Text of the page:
In a feature published by EI last week I wrote about the state-backed computer worm Flame, that has been used to spy on Iran, Palestinians and other targets throughout the Middle East.
It has emerged that Flame might also have been used for more robust attacks in addition to spying.
Flame’s architecture is modular in nature, allowing its functionality to be extended when its operators deem it necessary. Unusually for malware authors, who tend to aim at very small codebases, Flame carries its own interpreter for running Lua scripts (the same computer language used to create the game Angry Birds).
Theoretically, this means Flame could also be used for even more damaging tasks than spying. It would be a simple task to use the interpreter to run delivered scripts that target computers with instructions to wipe the entire hard drive, for example.
In April, computers in the Iranian oil ministry had sensitive data wiped off them by unknown attackers. It was in the course of investigating such attacks that Kaspersky discovered Flame, after being approached by the UN telecommunications agency.
Blogger’s source claims Flame used to spy on Israeli war minister
Richard Silverstein (quoted in my feature) told me that, in addition to Palestinians in the West Bank, Flame has even been used by Israel to spy on its own citizens. His insider Israeli source claims the Shabak, Israel’s secret police service, used Flame to spy on war minister Ehud Barak’s chief of staff.
According to Silverstein, this was part of an internecine feud between Barak and former Israeli military chief Gabi Ashkenazi (“Barak acknowledges Israeli cyberwarfare capability for the first time, Shin Bet “flamed” Israeli defense official’s computer,” 7 June 2012).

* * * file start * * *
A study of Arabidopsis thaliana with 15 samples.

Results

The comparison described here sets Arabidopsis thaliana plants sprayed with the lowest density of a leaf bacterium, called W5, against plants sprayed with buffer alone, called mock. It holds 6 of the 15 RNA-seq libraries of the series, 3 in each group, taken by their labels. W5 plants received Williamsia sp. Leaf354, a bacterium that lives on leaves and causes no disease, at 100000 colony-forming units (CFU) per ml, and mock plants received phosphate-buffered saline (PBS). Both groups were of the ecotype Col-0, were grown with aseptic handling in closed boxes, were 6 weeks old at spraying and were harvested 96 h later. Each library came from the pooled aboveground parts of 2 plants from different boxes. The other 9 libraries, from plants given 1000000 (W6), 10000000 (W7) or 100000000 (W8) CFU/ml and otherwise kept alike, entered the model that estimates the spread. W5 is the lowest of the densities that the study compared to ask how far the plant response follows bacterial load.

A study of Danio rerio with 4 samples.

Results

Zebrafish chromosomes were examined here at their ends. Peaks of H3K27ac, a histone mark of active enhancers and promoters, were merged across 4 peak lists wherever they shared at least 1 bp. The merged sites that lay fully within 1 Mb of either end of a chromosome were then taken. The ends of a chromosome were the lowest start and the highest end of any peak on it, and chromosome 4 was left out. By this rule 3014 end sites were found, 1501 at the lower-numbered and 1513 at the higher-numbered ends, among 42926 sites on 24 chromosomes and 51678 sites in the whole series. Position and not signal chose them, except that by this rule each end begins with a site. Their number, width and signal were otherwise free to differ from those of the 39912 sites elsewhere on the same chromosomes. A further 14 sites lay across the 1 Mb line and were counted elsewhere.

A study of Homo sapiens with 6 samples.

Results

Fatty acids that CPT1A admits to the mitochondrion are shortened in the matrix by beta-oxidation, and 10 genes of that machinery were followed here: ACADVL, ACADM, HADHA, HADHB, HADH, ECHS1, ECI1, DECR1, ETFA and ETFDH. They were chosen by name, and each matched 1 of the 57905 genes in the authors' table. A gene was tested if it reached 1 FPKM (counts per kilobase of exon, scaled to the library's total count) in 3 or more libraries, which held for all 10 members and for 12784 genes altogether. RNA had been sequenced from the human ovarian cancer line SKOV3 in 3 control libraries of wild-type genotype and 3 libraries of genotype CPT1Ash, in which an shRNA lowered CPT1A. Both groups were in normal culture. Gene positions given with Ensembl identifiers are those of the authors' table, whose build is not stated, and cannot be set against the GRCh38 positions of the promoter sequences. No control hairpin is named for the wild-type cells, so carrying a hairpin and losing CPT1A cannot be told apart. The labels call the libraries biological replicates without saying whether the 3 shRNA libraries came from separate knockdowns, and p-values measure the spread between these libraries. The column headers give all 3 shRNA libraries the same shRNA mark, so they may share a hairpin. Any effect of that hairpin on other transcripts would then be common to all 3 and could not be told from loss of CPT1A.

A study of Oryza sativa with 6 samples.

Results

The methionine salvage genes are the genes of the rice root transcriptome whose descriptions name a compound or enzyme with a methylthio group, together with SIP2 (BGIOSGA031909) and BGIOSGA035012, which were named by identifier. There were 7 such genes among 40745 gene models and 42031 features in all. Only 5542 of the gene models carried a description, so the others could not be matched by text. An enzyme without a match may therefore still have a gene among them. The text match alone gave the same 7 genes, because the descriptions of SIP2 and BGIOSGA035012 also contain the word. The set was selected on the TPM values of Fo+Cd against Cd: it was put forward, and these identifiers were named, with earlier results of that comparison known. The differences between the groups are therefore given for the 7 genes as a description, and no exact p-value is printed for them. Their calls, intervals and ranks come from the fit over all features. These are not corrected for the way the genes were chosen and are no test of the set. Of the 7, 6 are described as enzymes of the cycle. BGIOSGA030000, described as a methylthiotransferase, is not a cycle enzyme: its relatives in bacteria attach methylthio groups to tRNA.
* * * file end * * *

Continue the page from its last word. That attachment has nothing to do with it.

If the Shabak was willing to use Flame to spy on one of its own government ministers, it seems likely they would also use it to spy on Palestinian activists and Israeli dissidents.
The scale of Flame in context
Finally, a little context on the highly-targeted nature of Flame, which is thought to have targeted “thousands” of computers (although we can’t really know for sure, because it was able to uninstall itself and cover its tracks).
In April this year, the “Flashfake” trojan infected over half a million Mac OS X computers, Kaspersky reported. In 2001, the Code Red worm infected around 350,000 computers, and in 2000 the Love Bug spread to around 50 million people unfortunate enough to open an email with the subject line “ILOVEYOU.”
Flame, meanwhile, does not travel over the Internet unless instructed to do so. This feature may reflect a lesson learned from Stuxnet, which was not meant to spread beyond Iran’s nuclear facility, but got out of control and escaped.